The Business Council of New York State opposes Part G of S.2508 / A.3008, relating to transportation. Of particular concern to The Business Council is the provision contained in Part G, “to amend the public authorities law, in relation to metropolitan transportation authority capital projects and utility relocations.” The Business Council strongly opposes the inclusion of this provision in the state budget for several reasons.
This provision would overturn sixty years of fair practice by amending the Public Authorities Law to require “public service corporations” to bear the cost of required alterations or relocations of their facilities when performed in connection with construction projects (or other similar improvements or rehabilitations) undertaken by the Metropolitan Transit Authority (MTA). Current practice requires a collaborative approach between the MTA and public utilities involving the alterations and movements of utility infrastructure in areas undergoing MTA construction. This this bill would add significant costs to utilities with estimates ranging into the hundreds of millions.
This proposal comes at a time when the Executive is seeking several significant new proposals impacting utility companies. Just two years ago, the FY 2019 state budget imposed new fees on private companies placing fiber optic cables on Department of Transportation right of ways. These fees, initially projected to raise an estimated $190 million over five years, are now estimated to be closer to $200 million in less than five years. Similarly, New York State’s broadband companies are continuing their buildout to ensure universal access to all parts of New York State during a pandemic while facing proposals to legislate broadband fees.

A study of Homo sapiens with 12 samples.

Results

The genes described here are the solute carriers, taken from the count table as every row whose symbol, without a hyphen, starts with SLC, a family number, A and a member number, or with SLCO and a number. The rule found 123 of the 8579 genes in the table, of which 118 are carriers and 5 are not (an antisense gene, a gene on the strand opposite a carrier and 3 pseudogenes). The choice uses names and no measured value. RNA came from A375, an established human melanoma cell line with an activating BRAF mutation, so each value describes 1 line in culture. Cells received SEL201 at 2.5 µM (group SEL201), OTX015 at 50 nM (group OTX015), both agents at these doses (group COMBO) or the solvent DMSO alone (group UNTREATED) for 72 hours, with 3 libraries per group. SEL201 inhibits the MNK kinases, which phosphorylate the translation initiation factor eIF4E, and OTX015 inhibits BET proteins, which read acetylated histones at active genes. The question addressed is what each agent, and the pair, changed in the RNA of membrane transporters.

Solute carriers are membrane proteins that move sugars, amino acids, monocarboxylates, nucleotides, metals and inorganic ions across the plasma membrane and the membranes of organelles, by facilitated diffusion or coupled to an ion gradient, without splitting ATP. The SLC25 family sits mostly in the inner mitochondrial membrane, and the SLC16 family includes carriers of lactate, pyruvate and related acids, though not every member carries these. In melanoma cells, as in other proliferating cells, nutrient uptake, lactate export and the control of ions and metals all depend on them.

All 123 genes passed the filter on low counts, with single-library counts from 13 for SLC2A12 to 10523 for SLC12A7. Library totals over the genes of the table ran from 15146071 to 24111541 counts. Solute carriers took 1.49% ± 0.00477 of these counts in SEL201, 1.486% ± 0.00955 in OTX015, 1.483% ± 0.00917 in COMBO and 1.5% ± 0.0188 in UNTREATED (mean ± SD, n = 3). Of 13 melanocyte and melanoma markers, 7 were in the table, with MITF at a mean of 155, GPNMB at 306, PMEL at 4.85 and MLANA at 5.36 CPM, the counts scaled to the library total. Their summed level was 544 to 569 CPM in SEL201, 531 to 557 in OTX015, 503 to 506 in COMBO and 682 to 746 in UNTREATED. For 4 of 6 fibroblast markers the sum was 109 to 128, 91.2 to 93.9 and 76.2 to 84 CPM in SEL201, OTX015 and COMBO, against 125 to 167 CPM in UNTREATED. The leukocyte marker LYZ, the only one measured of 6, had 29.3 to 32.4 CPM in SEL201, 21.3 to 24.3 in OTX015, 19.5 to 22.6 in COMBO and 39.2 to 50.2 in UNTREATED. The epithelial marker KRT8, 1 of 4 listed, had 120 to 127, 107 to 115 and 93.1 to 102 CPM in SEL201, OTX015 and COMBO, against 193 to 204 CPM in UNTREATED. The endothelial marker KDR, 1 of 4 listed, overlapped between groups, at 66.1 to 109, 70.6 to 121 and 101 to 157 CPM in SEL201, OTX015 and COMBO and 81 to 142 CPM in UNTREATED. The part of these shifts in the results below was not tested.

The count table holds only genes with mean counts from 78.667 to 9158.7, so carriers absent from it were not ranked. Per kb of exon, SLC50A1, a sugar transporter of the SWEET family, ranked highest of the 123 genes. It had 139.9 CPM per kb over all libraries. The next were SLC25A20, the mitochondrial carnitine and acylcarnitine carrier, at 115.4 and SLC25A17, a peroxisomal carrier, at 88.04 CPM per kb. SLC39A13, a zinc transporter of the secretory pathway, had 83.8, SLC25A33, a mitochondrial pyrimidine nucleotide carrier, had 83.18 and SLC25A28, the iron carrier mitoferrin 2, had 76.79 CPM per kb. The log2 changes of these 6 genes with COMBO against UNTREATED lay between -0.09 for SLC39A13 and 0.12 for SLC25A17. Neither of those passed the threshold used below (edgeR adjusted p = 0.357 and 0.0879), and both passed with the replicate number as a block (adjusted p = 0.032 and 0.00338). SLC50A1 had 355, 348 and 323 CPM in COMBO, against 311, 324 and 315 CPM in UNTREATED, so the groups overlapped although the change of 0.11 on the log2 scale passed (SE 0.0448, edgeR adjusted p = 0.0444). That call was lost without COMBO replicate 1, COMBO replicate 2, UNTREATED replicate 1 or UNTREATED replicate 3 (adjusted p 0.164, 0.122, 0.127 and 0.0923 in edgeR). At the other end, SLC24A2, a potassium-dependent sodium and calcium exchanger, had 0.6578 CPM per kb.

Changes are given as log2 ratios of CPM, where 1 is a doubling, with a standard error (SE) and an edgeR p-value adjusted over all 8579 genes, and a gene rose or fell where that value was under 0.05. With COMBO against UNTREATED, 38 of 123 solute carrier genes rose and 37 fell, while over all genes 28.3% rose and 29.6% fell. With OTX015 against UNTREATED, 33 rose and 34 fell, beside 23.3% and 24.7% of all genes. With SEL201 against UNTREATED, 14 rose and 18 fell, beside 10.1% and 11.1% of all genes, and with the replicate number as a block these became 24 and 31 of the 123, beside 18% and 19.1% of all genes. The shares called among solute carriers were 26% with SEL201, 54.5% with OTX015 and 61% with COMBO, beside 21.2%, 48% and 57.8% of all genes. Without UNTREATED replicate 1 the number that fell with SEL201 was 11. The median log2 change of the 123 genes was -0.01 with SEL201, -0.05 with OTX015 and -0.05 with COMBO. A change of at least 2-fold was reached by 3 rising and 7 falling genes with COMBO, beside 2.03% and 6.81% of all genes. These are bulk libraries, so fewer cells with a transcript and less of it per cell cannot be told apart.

If this proposal were enacted as part of the state budget, it would create a significant financial impact on utilities. It would allow the MTA to offload costs associated with its own projects while eliminating any incentive for the MTA to minimize the impact of its work on utilities. Instead, the work could be performed by the MTA and merely charged to the impacted utility. This scenario eliminates any joint planning, encourages inefficiency, and may lead to unnecessary work. These same issues led the Legislature to reject a similar proposal in 2016.
For the above-mentioned reasons, The Business Council respectfully requests the Legislature eliminate Part G of S.2508 / A.3008 from the proposed state budget.